Since 1904, hundreds of lecturers — from world-renowned theoretical physicists to Pulitzer Prize-winning journalists to respected philosophers and celebrated Nobel laureates — have visited Berkeley to share their research and thoughts. These lectures are free and open to the public.
Gary Younge, Professor of Sociology, Manchester University
March 4, 2020, 4:10 pm, International House, Chevron Auditorium
“If having a gun really made you safer, then America would be one of the safest countries in the world. It’s not. Yet while Americans consistently favor more gun control, gun laws have generally become more lax. That is partly due to the material resources of the gun lobby. But it is also about the central role of the gun, what it represents in the American narrative, and the inability of gun control advocates to develop; a counter-narrative.” Speaker Gary Younge will begin as Professor of Sociology at Manchester University this spring. He was until recently the editor-at-large of The Guardian.
This lecture is part of UC Berkeley’s commemorative events spotlighting African American history after the passage of the 400 Years of African American History Commission Act.
John P. Holdren, Teresa and John Heinz Professor of Environmental Policy, John F. Kennedy School of Government, Harvard University
March 17 and 18, 2020, 4:10 pm, International House, Chevron Auditorium
Dr. Holdren is the Teresa and John Heinz Professor at the John F. Kennedy School of Government and the Department of Earth and Planetary Sciences at Harvard University. He was co-founder and co-leader of UC Berkeley’s interdisciplinary Energy and Resources Group from 1973 to 1996, and from 2009 until 2017 he was President Obama’s Science Advisor and Director of the White House Office of Science and Technology Policy, becoming the longest-serving incumbent in the history of those positions.
Adam Tooze, Director of the European Institute, Columbia University
April 7, 2020, 4:10 pm, Alumni House, Toll Room
Adam Tooze also serves as the Kathryn and Shelby Cullom Davis Professor of History and as a member of the Committee on Global Thought at Columbia. His research, writing, and teaching deal with the history of power in the modern age. The question that fascinates him is how economic and military power are articulated by politics, ideology and expert knowledge, in the struggle to bring order and shape to the modern world.
Stephen Yablo, David W. Skinner Professor of Philosophy, Department of Linguistics and Philosophy, Massachusetts Institute of Technology
April 22, 2020, 4:10 pm, Alumni House, Toll Room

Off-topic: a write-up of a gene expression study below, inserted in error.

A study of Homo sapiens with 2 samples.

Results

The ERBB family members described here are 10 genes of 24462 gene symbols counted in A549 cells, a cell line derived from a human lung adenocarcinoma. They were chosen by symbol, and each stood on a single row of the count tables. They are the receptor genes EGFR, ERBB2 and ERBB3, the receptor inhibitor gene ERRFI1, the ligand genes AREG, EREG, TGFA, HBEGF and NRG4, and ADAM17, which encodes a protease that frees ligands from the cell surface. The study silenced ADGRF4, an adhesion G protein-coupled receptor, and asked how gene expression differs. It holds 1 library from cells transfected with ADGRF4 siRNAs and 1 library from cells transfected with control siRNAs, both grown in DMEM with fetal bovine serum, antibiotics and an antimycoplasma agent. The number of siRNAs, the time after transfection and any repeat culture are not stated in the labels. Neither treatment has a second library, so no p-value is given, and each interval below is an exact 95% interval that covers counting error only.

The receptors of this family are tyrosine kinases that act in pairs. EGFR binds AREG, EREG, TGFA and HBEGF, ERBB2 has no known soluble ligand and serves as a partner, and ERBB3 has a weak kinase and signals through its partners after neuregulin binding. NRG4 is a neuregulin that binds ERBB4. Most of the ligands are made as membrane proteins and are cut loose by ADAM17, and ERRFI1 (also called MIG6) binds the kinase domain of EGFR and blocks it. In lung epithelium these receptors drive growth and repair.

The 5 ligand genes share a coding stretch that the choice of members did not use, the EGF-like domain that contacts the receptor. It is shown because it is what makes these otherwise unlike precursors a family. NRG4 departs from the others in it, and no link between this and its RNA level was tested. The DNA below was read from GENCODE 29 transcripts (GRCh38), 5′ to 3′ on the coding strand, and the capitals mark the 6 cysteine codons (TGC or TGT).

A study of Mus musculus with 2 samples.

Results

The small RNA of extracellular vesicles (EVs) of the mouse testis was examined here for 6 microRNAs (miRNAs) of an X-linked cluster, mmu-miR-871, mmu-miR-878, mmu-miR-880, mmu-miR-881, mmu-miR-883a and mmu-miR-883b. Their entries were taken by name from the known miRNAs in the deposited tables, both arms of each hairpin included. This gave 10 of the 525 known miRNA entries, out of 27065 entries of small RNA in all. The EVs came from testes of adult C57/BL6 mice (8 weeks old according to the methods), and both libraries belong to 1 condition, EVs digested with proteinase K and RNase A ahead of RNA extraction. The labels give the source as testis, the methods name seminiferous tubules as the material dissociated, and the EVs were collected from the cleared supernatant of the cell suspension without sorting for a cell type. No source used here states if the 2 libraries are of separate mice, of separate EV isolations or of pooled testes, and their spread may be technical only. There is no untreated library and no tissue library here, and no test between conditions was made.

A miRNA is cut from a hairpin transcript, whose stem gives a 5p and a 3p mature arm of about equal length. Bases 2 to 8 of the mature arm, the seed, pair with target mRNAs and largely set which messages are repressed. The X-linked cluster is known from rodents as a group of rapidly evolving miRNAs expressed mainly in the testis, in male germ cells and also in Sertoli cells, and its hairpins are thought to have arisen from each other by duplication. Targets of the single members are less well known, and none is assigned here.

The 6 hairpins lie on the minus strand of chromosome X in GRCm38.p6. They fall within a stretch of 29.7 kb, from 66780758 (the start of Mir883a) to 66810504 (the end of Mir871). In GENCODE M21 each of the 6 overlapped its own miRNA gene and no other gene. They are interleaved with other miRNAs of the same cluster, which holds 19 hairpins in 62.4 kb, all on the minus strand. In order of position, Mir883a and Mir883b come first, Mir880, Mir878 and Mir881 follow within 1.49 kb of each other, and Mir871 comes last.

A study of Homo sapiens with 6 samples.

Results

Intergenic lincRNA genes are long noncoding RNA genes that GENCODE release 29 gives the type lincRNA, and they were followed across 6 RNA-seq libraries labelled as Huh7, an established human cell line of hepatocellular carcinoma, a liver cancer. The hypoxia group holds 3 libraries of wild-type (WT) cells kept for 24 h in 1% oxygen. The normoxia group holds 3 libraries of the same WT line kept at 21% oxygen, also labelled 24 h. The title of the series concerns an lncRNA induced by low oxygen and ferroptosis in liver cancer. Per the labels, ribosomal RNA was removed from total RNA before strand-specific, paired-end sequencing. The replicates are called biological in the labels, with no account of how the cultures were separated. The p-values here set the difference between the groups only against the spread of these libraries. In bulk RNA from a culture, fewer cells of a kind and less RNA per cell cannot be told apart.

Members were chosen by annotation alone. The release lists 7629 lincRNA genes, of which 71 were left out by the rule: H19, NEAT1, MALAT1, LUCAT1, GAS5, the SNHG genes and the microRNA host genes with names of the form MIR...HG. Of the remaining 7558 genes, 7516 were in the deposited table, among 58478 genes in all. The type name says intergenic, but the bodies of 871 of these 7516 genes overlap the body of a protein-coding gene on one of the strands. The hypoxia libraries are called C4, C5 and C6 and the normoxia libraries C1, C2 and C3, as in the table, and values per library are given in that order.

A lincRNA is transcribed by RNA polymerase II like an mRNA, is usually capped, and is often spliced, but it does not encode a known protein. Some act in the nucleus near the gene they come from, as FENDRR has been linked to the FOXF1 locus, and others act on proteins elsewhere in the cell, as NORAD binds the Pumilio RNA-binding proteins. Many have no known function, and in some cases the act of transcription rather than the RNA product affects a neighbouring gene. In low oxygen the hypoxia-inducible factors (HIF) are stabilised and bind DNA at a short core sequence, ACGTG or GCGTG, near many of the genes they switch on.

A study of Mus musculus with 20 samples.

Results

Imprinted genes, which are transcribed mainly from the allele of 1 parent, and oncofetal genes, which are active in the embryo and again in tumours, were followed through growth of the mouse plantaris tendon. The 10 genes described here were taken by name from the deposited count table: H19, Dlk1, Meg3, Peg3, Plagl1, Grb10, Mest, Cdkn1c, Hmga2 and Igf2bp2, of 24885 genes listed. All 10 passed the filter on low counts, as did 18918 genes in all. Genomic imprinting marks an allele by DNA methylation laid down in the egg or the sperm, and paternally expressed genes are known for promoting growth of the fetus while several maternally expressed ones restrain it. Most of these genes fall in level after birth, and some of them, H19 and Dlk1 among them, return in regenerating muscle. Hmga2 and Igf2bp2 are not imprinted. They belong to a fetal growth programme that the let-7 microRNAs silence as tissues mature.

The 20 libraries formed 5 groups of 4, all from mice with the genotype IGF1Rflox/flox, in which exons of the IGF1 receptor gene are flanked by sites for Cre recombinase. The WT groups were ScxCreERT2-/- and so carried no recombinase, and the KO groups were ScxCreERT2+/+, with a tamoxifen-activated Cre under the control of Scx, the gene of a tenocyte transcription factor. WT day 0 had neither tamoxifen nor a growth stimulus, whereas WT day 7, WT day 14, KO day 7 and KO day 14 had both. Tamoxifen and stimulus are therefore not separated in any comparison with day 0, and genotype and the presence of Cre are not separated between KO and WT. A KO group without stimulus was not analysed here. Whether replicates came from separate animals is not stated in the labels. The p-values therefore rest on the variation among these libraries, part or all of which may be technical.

Stephen Yablo’s interests are wide-ranging, from metaphysics, philosophical logic, and epistemology, to the philosophy of language and the philosophy of mathematics. Yablo has served in the linguistics and philosophy department at the Massachusetts Institute of Technology since 1998, acting as linguistics and philosophy chair from 2005-2008.
Upcoming Tanner Lectures
Tuesday – Thursday, April 14, 15, and 16, 2020, 4:10 pm
In mid-April, Caroline Hoxby, Scott and Donya Bommer Professor of Economics at Stanford University, will present the Tanner Lectures on Human Values, which advance and reflect upon the scholarly and scientific learning related to human values.
Commentators will include: Jan-Werner Müeller, Professor, Department of Politics at Princeton University; Erik Hurst, V. Duane Rath Professor of Economics at the Booth School of Business, University of Chicago; and Laurence Steinberg, Distinguished University Professor of Psychology at Temple University
The Tanner Lectures were founded by American scholar, industrialist, and philanthropist Obert Clark Tanner in 1978. The lectures advance and reflect upon the scholarly and scientific understanding of issues related to human values.
Can’t attend but still want to hear a lecture? Watch and listen online!
Last fall, Paul Butler, Albert Brick Professor in Law at Georgetown University Law Center, spoke about incarceration and how, by virtually any measure, prisons have not worked. Abolition of prisons could be the ultimate reform and his lecture suggested what would replace prisons, how people who cause harm could be dealt with in the absence of incarceration, and why abolition would make everyone safer and our society more just. You can watch the video of Butler’s talk “Prison Abolition, and a Mule” online.
The Berkeley Graduate Lectures Series video- and audio-records all lectures and makes them available online. Lectures are also available for viewing or listening at the Berkeley Language Center, located in B-40 Dwinelle Hall. The Berkeley Graduate Lectures and Tanner Lectures are open to the public and admission is free. No tickets are required.